To many people, retirement might seem like a lofty goal -- especially as it becomes more and more difficult to afford to retire.
Pensions are scarce these days, and many workers are concerned about the future of Social Security. That means most of your retirement income will likely need to come from your personal savings, and retirement isn't cheap. In fact, the average worker thinks they'll need to have around $1.7 million saved so that their money lasts the rest of their life, a survey from Charles Schwab found.
If you're behind on your retirement savings, you may feel like you're doomed to struggle in your golden years. But if you're willing to work for it, it is possible to retire rich -- even if you haven't started saving yet.
What exactly does it mean to retire rich?
First, it's important to define what "rich" means in retirement. Everyone has different savings goals, and what "rich" means to one person might be wildly different from another person's definition of the word. For our purposes, let's say retiring rich means being able to afford a comfortable lifestyle in retirement.
Now, the definition of "comfortable" also depends on your unique situation. Think about how much you're currently spending each year, and consider whether that number will change once you retire. Some people will spend far less in retirement than they're spending now, while other retirees will see their expenses increase dramatically -- or you might not see much of a change at all. You don't have to know exactly how much you'll be spending down to the penny in retirement, but think about how your lifestyle will shift. Are you planning several expensive trips once you retire? Or do you expect to spend most of your time at home catching up on your reading and playing with the grandkids?
Another factor to consider is the age at which you plan to retire. If you're in your 40s or 50s with zero retirement savings, it might be unrealistic to assume you can retire at 60 with a healthy nest egg. But if you're willing and able to work a few years longer, you'll be able to save more and enjoy a more comfortable retirement when you eventually do leave your job.
Finally, think about how Social Security benefits will factor into your retirement plan. Your benefits are only designed to replace roughly 40% of your preretirement income, meaning the majority of your retirement money will need to come from other sources. But your benefits can significantly help make ends meet. You can check your estimated benefit amount based on your real earnings by creating a mySocialSecurity account, which will give you an idea of what your future checks might look like. From there, you can determine how much of your retirement income will need to come from your personal savings.
With these numbers in mind, use a retirement calculator to get an estimate of how much you should aim to save by the time you retire. Most calculators will also tell you what you'll need to save each month to reach that goal, which will give you a monthly target to aim for, too.
Now for the tough part: finding enough money to save
Depending on your age and the amount you want to have saved by the time you retire, you might feel a little overwhelmed by how much you need to save each month. But don't panic, because there are ways you can save more and increase your retirement income even if you don't have a ton of cash to spare.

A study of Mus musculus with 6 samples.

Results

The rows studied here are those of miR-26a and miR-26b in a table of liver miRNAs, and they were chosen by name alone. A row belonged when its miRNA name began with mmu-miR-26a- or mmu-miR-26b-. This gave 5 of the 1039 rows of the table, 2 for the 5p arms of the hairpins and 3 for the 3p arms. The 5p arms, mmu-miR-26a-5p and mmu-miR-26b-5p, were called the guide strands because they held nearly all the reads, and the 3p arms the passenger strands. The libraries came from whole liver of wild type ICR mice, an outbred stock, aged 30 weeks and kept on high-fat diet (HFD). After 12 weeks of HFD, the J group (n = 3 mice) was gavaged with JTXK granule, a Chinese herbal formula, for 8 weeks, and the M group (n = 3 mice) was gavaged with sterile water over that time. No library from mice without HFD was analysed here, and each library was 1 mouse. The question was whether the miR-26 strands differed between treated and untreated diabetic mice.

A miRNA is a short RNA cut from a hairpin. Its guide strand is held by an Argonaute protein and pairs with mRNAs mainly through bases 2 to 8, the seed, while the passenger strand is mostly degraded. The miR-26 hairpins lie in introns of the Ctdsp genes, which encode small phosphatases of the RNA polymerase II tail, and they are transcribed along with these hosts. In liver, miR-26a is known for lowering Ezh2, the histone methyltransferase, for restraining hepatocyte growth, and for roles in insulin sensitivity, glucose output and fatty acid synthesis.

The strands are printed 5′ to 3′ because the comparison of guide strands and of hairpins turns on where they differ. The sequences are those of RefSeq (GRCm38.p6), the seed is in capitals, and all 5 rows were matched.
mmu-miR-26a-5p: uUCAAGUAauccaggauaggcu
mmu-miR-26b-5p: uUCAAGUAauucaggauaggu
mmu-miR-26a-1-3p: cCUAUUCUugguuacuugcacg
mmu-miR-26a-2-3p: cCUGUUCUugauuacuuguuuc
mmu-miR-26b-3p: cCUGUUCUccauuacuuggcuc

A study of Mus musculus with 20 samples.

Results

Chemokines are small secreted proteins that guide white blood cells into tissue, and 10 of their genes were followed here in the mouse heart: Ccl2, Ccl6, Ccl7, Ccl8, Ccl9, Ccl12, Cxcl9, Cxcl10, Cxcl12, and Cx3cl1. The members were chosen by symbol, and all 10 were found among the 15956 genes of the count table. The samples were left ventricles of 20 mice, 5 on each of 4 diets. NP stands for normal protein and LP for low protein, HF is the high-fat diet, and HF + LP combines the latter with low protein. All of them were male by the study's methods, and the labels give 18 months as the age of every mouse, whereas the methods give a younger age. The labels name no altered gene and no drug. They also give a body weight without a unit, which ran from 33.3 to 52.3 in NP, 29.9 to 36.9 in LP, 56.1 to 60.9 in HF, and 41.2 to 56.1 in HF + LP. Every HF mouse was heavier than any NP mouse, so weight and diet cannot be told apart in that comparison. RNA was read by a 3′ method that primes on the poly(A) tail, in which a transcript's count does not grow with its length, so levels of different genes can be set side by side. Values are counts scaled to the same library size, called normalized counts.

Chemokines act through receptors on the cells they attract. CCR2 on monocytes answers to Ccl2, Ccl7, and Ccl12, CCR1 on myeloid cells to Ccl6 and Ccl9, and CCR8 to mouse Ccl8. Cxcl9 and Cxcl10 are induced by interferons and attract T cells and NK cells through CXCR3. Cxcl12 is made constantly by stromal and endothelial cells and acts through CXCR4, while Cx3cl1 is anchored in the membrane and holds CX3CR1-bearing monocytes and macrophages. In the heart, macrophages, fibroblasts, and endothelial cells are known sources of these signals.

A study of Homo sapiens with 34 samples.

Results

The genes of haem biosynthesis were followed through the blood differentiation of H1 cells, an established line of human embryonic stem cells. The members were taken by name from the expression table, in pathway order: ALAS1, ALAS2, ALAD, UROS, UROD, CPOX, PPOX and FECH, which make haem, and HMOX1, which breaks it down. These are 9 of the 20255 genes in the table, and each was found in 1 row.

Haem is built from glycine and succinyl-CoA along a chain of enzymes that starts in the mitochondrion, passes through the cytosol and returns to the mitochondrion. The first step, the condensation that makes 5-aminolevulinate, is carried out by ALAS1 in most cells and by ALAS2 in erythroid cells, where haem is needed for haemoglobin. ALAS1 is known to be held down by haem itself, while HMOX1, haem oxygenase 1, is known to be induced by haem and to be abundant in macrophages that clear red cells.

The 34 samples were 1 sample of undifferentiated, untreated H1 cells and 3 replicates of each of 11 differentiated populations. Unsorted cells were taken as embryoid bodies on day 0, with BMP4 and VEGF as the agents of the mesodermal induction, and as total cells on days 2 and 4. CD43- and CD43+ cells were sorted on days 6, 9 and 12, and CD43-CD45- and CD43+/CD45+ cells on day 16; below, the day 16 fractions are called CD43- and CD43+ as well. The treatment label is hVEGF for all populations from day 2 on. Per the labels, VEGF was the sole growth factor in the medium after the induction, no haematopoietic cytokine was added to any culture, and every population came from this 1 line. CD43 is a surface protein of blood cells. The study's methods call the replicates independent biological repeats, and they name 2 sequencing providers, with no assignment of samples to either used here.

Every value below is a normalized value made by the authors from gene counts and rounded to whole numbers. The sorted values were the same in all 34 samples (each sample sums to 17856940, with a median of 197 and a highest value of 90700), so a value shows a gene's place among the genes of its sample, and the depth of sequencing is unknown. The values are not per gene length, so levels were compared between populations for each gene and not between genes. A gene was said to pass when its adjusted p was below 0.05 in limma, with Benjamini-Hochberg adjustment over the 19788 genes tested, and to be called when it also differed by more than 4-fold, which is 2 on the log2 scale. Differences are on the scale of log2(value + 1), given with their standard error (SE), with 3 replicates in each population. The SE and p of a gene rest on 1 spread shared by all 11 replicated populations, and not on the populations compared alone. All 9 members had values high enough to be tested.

The first step is to figure out where all your money is going and see where you can cut back. If you don't already track your expenses and maintain a budget, now is the time to start. The truth is you might have more to save than you think, because it's possible you're overspending in some areas without realizing it. In fact, the average American spends close to $500 per month on nonessential costs, according to a survey from Charles Schwab, despite the fact that close to 60% of those same respondents say they're living paycheck to paycheck. If you're not accurately tracking your spending, you might feel like you have nothing to save when in reality you could be spending hundreds of dollars per month on unnecessary expenses.
If you've cut all you can and are still nowhere close to reaching your monthly saving goal, you might need to make some more dramatic sacrifices. For example, you could consider downsizing to a smaller home or moving to a less expensive neighborhood. Although it's a big decision that shouldn't be taken lightly, it could save you hundreds per month on your mortgage or rent. Just be sure you're considering all the costs in moving, because if you move to a new area with lower housing costs but much higher property taxes, for example, you might not be saving as much as you think.
Also, simply saving more isn't your only option to boost your retirement income. For example, you may choose to delay retirement by a few years (if you're able to do so) to give you more time to save. Or you could also wait to claim Social Security benefits to receive bigger checks each month. If you claim at your full retirement age (FRA) -- which is age 67 for those born in 1960 or later or either 66 or 66 and a few months for those born before 1960 -- you'll receive the full benefit amount you're entitled to. But if you wait until after your FRA (up until age 70) to claim, you'll receive extra money each month for the rest of your life. This can be a serious advantage if your savings aren't as robust as you'd like, because if you run out of money in retirement, those bigger checks can go a long way.
If you're close to retirement age and you haven't begun saving yet, it will probably be tough to retire a millionaire. But that doesn't mean you can't do your best to save as much as possible in the time you have left. Saving what you can is better than doing nothing, and if you're willing to work for it, you could still build a nest egg worth hundreds of thousands of dollars in a relatively short period of time.